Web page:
For well over twenty years since I first started my infatuation with the Regency Era, I have maintained a lexicon to help me decipher Georgette Heyer (follow the link to Frederica, my favorite of her books), and others. Then as I began to write in the genre in the years 2000, I put more emphasis on it.
I have seen a few others on the web, but I have not seen any as complete as the one maintained at Regency Assembly Press that I have contributed to.
With the emphasis that has been placed recently on Research there, with not only the Lexicon, but the Timelines, lives of the Prime Ministers, Dance Instruction and Regency Era Money, it is a growing resource for all Regency readers and writers. I urge everyone to have a look as it continues to grow.
I also provide here the next letter of the alphabet to entice you to visit that page. Or even bookmark it for when you need to look up a particular Regency term.
- Impost Takers–Usurers who attend the gaming-tables, and lend money at great premiums.
- Impudent Stealing–Cutting out the backs of coaches, and robbing the seats.
- Impure–A modern term for a lady of easy virtue.
- In One’s Black Books–Out of favor.
- In Quite Deep–In debt.
- In The Suds–To be in trouble.
- Indies–Black Indies; Newcastle.
- India Wipe–A silk handkerchief.
- Indorser–A sodomite. To indorse with a cudgel; to drub or beat a man over the back with a stick, to lay Cane upon Abel.
- Inkle Weavers–Supposed to be a very brotherly set of people; ‘as great as two inkle weavers’ being a proverbial saying.
- Inlaid–Well inlaid; in easy circumstances, rich or well to pass.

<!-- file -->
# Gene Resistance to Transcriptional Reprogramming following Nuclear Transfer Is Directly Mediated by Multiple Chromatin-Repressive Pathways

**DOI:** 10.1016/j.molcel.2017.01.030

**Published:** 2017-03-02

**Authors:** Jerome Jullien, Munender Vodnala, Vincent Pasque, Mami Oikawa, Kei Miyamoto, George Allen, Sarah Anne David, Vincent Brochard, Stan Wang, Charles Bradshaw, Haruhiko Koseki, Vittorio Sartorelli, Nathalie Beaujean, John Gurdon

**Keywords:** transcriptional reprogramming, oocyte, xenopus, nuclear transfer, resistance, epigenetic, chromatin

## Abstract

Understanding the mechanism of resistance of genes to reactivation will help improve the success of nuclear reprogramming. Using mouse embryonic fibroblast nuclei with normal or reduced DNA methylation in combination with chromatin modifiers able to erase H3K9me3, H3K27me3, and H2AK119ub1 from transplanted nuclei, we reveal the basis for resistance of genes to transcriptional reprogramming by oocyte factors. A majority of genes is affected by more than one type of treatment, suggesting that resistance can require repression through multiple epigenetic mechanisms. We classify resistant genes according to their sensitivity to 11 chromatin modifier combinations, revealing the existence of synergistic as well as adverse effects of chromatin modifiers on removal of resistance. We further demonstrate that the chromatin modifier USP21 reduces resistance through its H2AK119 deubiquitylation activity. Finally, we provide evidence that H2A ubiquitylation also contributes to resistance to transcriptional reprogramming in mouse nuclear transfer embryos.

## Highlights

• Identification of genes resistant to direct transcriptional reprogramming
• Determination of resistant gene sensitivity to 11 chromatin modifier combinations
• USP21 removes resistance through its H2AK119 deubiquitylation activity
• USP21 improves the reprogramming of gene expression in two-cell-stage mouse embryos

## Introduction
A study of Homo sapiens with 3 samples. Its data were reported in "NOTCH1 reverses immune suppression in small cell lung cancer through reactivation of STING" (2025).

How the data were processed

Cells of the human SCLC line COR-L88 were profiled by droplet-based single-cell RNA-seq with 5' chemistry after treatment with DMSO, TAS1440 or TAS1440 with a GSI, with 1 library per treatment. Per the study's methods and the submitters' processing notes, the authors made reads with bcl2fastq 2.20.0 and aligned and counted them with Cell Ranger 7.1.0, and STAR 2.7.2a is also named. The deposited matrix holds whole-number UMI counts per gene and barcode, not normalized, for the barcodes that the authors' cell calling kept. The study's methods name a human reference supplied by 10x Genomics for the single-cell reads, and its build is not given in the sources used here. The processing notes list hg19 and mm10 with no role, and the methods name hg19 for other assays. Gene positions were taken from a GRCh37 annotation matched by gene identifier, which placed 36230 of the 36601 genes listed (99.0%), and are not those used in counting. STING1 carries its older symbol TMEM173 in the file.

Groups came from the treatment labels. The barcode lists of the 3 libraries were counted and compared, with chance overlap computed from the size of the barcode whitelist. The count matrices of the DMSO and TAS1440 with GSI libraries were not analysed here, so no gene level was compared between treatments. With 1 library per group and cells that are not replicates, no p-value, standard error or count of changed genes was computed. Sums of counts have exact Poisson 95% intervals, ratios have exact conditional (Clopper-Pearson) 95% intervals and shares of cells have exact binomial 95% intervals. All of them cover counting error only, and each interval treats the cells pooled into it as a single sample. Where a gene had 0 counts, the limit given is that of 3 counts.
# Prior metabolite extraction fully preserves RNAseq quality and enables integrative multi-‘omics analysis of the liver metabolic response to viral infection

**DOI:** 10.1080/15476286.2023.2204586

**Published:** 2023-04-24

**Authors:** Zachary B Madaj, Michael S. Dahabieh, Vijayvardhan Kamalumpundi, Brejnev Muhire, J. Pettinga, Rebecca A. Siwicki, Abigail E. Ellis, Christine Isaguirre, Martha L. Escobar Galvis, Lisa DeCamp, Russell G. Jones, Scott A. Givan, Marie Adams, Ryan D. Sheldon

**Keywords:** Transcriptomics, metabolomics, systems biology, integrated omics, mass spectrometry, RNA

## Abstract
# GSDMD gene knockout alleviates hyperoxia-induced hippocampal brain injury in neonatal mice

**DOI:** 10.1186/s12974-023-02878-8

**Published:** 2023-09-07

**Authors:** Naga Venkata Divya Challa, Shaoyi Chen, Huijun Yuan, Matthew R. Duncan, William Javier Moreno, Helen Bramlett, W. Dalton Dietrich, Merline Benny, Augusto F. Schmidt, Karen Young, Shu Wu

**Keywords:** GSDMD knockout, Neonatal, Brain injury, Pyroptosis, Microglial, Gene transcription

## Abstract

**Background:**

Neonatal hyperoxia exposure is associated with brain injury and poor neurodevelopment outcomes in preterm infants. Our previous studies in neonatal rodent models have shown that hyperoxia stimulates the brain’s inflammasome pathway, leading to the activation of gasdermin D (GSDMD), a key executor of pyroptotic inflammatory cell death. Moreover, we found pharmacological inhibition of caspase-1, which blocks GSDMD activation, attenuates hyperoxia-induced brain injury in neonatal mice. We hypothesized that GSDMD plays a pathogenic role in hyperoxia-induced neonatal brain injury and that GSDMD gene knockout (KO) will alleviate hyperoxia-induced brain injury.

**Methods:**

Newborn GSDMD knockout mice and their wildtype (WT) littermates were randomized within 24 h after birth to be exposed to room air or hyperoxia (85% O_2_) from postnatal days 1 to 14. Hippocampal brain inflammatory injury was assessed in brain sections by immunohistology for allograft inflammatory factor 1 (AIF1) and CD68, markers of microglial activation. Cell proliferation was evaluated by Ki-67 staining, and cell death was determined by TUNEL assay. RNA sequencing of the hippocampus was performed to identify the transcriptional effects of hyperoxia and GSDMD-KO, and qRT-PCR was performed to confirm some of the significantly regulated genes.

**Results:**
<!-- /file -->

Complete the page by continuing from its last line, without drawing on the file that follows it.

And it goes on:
- Innocents–One of the innocents; a weak or simple person, man or woman.
- Incognitas–Higher class prostitutes.
- Inexpressibles–A man’s very tight (and very revealing) trousers or breeches–Also called unmentionables.
- Inside and Outside–The inside of a **** and the outside of a gaol.
- Irish Apricots–Potatoes. It is a common joke against the Irish vessels, to say they are loaded with fruit and timber, that is, potatoes and broomsticks.
- Irish Assurance–A bold forward behaviour: as being dipt in the river Styx was formerly supposed to render persons invulnerable, so it is said that a dipping in the river Shannon totally annihilates bashfulness; whence arises the saying of an impudent Irishman, that he has been dipt in the Shannon.
- Irish Beauty–A woman with two black eyes.
- Irish Evidence–A false witness.
- Irish Legs–Thick legs, jocularly styled the Irish arms. It is said of the Irish women, that they have a dispensation from the pope to wear the thick end of their legs downwards.
- Irish Toyles–Thieves who carry about pins, laces, and other pedlars wares, and under the pretence of offering their goods to sale, rob houses, or pilfer any thing they can lay hold of.
- Iron–Money in general. To polish the king’s iron with one’s eyebrows; to look out of grated or prison windows, or, as the Irishman expresses them, the iron glass windows. Iron doublet; a prison. See Stone Doublet.
- Ironmonger’s Shop–To keep an ironmonger’s shop by the side of a common, where the sheriff sets one up; to be hanged in chains. Iron-bound; laced. An iron-bound hat; a silver-laced hat.
- Island–He drank out of the bottle till he saw the island; the island is the rising bottom of a wine bottle, which appears like an island in the centre, before the bottle is quite empty.
- Itchland, or Scratchland–Scotland.
- Ivories–Teeth. How the swell flashed his ivories; how the gentleman shewed his teeth.
- Ivory-turners–Gambling cheat and swindler.
- Ivy Bush–Like an owl in an ivy bush; a simile for a meagre or weasel-faced man, with a large wig, or very bushy hair.